COMMUNITY leaders are in danger of repeating the same mistakes over the refurbishment of Huntingdon’s Town Hall as those made by their St Ives counterparts over the Corn Exchange, campaigners have warned.

Protesters condemned Huntingdon town councillors for barring the press and public from a series of board meetings on the town hall project, shortly before they were evicted from a further meeting on the issue last week.

Among the objectors were former town councillor and town hall project manager Brian Luckham, who warned councillors were "about to go down a similar path" as those previously in charge of the St Ives Corn Exchange prior to the intervention of campaigners.

Previous members of St Ives Town Council had voted to sell the Corn Exchange after consultants brought in to oversee the project warned restoration would cost millions of pounds.

However, members of the campaign group ACE stood successfully for election to the town council and then refurbished and reopened the building.

Mr Luckham said decisions about Huntingdon's money were not being made openly.

"This money is public money paid for by taxpayers. It is unacceptable and undemocratic for a meeting to decide how this money is spent to be had in private.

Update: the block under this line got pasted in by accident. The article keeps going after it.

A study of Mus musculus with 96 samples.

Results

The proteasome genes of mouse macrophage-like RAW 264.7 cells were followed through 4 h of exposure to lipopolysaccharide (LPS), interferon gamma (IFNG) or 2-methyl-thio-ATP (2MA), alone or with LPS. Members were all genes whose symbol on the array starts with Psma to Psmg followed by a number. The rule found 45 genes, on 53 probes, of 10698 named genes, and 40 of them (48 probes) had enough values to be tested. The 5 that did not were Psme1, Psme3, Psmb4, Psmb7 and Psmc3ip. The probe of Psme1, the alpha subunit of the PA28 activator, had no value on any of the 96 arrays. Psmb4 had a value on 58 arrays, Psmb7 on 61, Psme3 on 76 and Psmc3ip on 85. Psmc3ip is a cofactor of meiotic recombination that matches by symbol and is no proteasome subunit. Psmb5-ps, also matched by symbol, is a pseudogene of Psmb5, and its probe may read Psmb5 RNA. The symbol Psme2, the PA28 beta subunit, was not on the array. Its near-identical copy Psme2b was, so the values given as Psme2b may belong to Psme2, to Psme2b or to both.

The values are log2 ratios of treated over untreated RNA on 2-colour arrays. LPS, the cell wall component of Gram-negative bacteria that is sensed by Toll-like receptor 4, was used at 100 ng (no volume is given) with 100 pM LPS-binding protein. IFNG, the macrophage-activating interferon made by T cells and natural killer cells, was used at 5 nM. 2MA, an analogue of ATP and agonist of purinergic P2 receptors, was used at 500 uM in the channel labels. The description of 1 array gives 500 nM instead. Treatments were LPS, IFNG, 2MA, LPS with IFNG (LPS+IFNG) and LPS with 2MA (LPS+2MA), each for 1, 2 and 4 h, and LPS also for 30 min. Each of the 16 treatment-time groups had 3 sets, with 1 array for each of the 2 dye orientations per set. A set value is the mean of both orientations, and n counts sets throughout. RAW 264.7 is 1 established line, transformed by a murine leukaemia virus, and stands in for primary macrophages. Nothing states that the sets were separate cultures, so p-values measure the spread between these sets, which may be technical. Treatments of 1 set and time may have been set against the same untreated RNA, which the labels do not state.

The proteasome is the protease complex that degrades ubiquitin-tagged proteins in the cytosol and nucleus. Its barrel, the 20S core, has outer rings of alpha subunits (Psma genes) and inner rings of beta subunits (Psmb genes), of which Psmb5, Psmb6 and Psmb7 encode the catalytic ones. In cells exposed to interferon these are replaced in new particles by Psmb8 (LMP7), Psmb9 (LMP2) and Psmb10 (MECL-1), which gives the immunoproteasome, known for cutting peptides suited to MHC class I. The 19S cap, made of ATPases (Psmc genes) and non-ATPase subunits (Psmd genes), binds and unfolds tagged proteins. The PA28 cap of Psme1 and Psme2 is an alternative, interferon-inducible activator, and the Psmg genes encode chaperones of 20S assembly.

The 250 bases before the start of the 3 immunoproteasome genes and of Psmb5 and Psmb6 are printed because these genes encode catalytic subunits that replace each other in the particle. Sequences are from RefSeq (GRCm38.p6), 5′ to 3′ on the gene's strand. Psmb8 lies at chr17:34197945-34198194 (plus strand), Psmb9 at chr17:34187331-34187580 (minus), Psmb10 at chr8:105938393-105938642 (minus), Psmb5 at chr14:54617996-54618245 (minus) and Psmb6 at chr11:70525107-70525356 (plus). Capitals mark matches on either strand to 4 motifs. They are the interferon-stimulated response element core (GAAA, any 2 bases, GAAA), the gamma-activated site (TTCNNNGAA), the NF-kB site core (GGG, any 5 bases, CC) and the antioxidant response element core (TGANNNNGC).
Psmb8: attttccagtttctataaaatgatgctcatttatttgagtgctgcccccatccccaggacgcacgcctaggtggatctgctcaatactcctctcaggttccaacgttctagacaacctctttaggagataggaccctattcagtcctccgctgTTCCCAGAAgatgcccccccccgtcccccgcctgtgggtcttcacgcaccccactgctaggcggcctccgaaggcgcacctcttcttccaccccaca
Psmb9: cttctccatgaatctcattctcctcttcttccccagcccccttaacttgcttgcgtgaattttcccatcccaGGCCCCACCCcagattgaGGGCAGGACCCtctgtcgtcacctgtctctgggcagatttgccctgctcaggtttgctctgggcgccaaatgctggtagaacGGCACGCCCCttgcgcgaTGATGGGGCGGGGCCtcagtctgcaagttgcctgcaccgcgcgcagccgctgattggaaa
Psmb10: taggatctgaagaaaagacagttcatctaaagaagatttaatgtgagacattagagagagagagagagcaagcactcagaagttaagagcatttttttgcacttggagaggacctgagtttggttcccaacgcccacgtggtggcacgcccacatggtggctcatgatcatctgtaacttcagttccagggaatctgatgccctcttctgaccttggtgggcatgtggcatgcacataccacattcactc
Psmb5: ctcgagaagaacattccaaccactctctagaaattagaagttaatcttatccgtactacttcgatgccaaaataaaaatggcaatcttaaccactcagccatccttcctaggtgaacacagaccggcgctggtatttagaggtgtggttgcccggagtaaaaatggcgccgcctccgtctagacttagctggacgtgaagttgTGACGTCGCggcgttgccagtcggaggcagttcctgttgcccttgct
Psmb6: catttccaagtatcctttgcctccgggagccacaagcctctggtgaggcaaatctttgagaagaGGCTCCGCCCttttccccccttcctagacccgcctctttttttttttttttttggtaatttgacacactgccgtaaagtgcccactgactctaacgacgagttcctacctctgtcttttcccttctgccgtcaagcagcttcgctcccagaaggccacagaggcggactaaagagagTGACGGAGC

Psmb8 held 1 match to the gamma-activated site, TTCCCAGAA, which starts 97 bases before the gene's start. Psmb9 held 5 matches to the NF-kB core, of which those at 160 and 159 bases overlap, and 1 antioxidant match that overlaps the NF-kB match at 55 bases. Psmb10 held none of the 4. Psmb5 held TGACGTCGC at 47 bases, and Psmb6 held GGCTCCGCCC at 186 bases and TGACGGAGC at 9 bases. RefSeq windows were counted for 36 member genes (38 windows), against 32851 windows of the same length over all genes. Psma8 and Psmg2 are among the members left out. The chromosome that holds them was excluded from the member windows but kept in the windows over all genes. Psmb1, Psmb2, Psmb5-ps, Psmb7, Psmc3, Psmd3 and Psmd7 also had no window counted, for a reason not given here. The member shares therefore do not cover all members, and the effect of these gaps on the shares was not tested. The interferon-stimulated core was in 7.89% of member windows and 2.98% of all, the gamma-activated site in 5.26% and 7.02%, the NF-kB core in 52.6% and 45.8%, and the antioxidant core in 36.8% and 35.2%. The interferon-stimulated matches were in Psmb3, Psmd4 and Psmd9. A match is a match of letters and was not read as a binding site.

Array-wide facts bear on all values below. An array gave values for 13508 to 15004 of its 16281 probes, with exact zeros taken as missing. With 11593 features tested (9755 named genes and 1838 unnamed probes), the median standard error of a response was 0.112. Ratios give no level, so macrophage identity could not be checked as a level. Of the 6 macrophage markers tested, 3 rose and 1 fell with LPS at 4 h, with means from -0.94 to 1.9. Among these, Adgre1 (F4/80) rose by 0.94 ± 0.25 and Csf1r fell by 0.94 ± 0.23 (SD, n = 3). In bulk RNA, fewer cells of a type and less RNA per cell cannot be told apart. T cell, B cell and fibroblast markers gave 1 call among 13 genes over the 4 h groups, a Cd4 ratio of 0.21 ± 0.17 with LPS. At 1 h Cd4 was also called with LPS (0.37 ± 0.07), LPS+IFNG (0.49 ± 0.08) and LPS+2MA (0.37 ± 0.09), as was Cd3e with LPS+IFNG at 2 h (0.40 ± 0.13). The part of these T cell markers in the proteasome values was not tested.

"Let Huntingdon matters be decided by Huntingdon people working for Huntingdon. When [councillors] started this project, they agreed the town council could not afford to repeat the errors of the Corn Exchange. It seems we are about to go down a similar path."

Also objecting to the closure of the meetings, was former Hatfield town clerk Peter Clark, who now lives in Huntingdon.

He said the council was wrong to bar the press and public on the grounds that newly-elected councillors needed to get their heads around the "complexity and volume" of the project.

He said: "This is at odds with the views of both the Secretary of State for Communities and Local Government and his parliamentary under-secretary of state, who both call for more openness.

"I believe that the town council needs to change its attitude and a detailed justification for any exclusion this evening would be good start."

Board chairman John Skerry defended the exclusion order and hinted that former councillors had mishandled the project.

According to sources within the council, the project could cost at least £800,000 - £80,000 over the budget.

David Langford, who was appointed as project manager to replace Mr Luckham under a temporary contract with the council, said preparations were under way to begin work in September. The refurbishment scheme is expected to finish in March.